Catcher Jose Lobaton, left, talks to pitcher Lucas Giolito after a pitching session. (John McDonnell/The Washington Post)

VIERA, Fla. — Don’t read into Saturday’s late-February batting practice session in which Lucas Giolito faced Bryce Harper, Jayson Werth and other Nationals regulars. Seeing the top right-handed pitching prospect in baseball face bona fide major leaguers is interesting, but not necessarily meaningful.

“It’s just a live bullpen, so I’m trying to just work on pitches and be around the strike zone. I don’t really mind who steps in, or if they hit it hard or don’t hit it hard,” said Giolito, the 21-year-old with the high-90s fastball. “In a game, it’s different. But this is just practice.”

Gio Gonzalez, Stephen Strasburg and others threw live batting practice Saturday, but none faced a lineup like Giolito’s. He took the mound as a group consisting of Ryan Zimmerman, Clint Robinson and Bryce Harper left the cage, but Harper stayed to see a few more pitches.

“He could be his teammate for a long time,” Dusty Baker said. “He just wanted to see what he had.”

Zimmerman watched from outside the cage, while fans crowded to the fence to see the prodigy at work.

“At the end of the day, it doesn’t really matter how many people watch you,” said Zimmerman, once a high-profile prospect himself. “It’s hard to think that when you’re his age. At some times you think it’s not really fair to him — especially nowadays, there’s just so much more than when I was coming up. It makes them grow up really quick and have to worry about things they shouldn’t have to worry about.”

But noses don’t press against fences for nothing, and Giolito showed the high-powered fastball and tight curve that earned him such scrutiny in the first place. Tyler Moore  called Giolito “impressive” and said he saw “big league stuff” that can be effective with ever-improving command.

“I wasn’t very pleased with how I pitched today,” Giolito said. “I want to be more around the strike zone. That comes with time. Second (bullpen). Nothing to worry about.” 

Except for hitters, because both Moore and Werth called facing Giolito “uncomfortable.” Werth said what stuck out to him, besides the expected plus-velocity, was Giolito’s arm-slot. The veteran couldn’t quite describe what created such a challenge, but that angle — a little across the body, a little over-the-top — made things tough. Werth managed to fight off an inside pitch up the right field line on one of his few swings. Few others did much more against Giolito, though hitters don’t swing much in these sessions this early in spring training.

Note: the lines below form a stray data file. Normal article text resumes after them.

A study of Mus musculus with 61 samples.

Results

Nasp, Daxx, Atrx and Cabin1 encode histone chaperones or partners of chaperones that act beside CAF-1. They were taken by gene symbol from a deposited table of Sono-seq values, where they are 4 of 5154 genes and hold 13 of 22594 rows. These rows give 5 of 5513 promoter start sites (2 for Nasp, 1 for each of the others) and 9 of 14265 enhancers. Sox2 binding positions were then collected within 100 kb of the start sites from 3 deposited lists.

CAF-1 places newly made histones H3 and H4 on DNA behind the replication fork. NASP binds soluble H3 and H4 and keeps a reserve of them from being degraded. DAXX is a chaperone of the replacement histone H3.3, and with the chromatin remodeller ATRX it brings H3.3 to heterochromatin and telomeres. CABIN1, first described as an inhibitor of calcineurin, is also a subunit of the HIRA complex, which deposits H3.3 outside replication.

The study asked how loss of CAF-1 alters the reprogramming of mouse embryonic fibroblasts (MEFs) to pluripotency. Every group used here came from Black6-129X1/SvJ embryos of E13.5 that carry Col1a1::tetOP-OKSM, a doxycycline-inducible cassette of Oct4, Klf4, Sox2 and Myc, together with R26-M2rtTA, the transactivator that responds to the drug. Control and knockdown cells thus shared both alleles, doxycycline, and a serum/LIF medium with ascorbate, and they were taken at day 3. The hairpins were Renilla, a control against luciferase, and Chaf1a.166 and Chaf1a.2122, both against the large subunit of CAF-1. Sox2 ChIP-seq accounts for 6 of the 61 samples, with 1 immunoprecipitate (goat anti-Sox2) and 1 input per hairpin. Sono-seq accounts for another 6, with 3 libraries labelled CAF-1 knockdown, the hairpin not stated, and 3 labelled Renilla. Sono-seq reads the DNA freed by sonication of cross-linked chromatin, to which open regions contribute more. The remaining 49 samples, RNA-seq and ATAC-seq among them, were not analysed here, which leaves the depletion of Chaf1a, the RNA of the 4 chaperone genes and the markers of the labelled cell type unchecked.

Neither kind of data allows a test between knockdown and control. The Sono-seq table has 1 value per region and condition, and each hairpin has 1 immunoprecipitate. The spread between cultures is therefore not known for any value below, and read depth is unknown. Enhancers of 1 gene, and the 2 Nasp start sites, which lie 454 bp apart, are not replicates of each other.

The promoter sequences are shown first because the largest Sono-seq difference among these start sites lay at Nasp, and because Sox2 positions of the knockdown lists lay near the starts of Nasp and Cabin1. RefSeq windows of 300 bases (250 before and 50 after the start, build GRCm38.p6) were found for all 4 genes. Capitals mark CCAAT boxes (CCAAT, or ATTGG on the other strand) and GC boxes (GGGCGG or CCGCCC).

“He kind of … puts you on your heels,” Werth said. “As a hitter, you want to put your nose out over the plate. A guy like that, you’re not gonna feel too comfortable doing it.”

Baker called Giolito “cool for his age,” not trying to impress too much, not the kind of rookie who tries to stick out — though at 6-foot-6, he can’t really help it.

“I’ll tell you, he’s a character, number one. The guy has a quick arm, very quick arm. He has a very good pitching body. Good demeanor. And a very bright young man,” Baker said. “Washington is going to really love him when he gets there.”

>>>>> Moore took ground balls at third base and Stephen Drew worked with the corner infielders during Saturday’s defensive sessions. Moore, normally a first baseman and recently an outfielder, said he was told to take grounders at third base. He did that a few times last season, in case of emergencies, which very nearly materialized.

Drew seems likely to be the backup middle infielder, but also took grounders at the corners Saturday. Brendan Ryan, Scott Sizemore and Jason Martinson are non-roster invitees who have been working at second and shortstop, along with prospects Trea Turner, Wilmer Difo and Chris Bostick.

>>>>> The Nationals will play an intrasquad game Sunday at Space Coast Stadium, which will be open to the public. Gates open at 10 a.m. and the game begins at 11 a.m. Dusty Baker said Sunday’s will be one of two intrasquad games, one more than his teams usually play. With Cincinnati, Baker could rely on games against the Indians, with whom the Reds shared a facility. In Viera, an hour or so from the nearest competition, the Nationals must play against themselves. Baker said players will come over from minor league camp to mix with big-leaguers and roster hopefuls.

“I’m curious to see some of them play, too. And the hardest parts of starting the first game or two are the enormous fields. You’ve been on the field with 60 guys, so there’s very little space out there,” Baker said. “Then all of a sudden, you’re in a big old stadium and the next guy is a mile away on one side and a mile away on the other side. Just sort of get used to seeing how vast the stadiums are.”

Max Scherzer and Joe Ross will start the game, with Tanner Roark, Austin Voth and others scheduled to pitch. Baker said Werth and Zimmerman will not play.

“Those are the big boys,” Baker said. “We’ve got to bring them along slowly, and then crest hopefully right before we leave and we start the season.”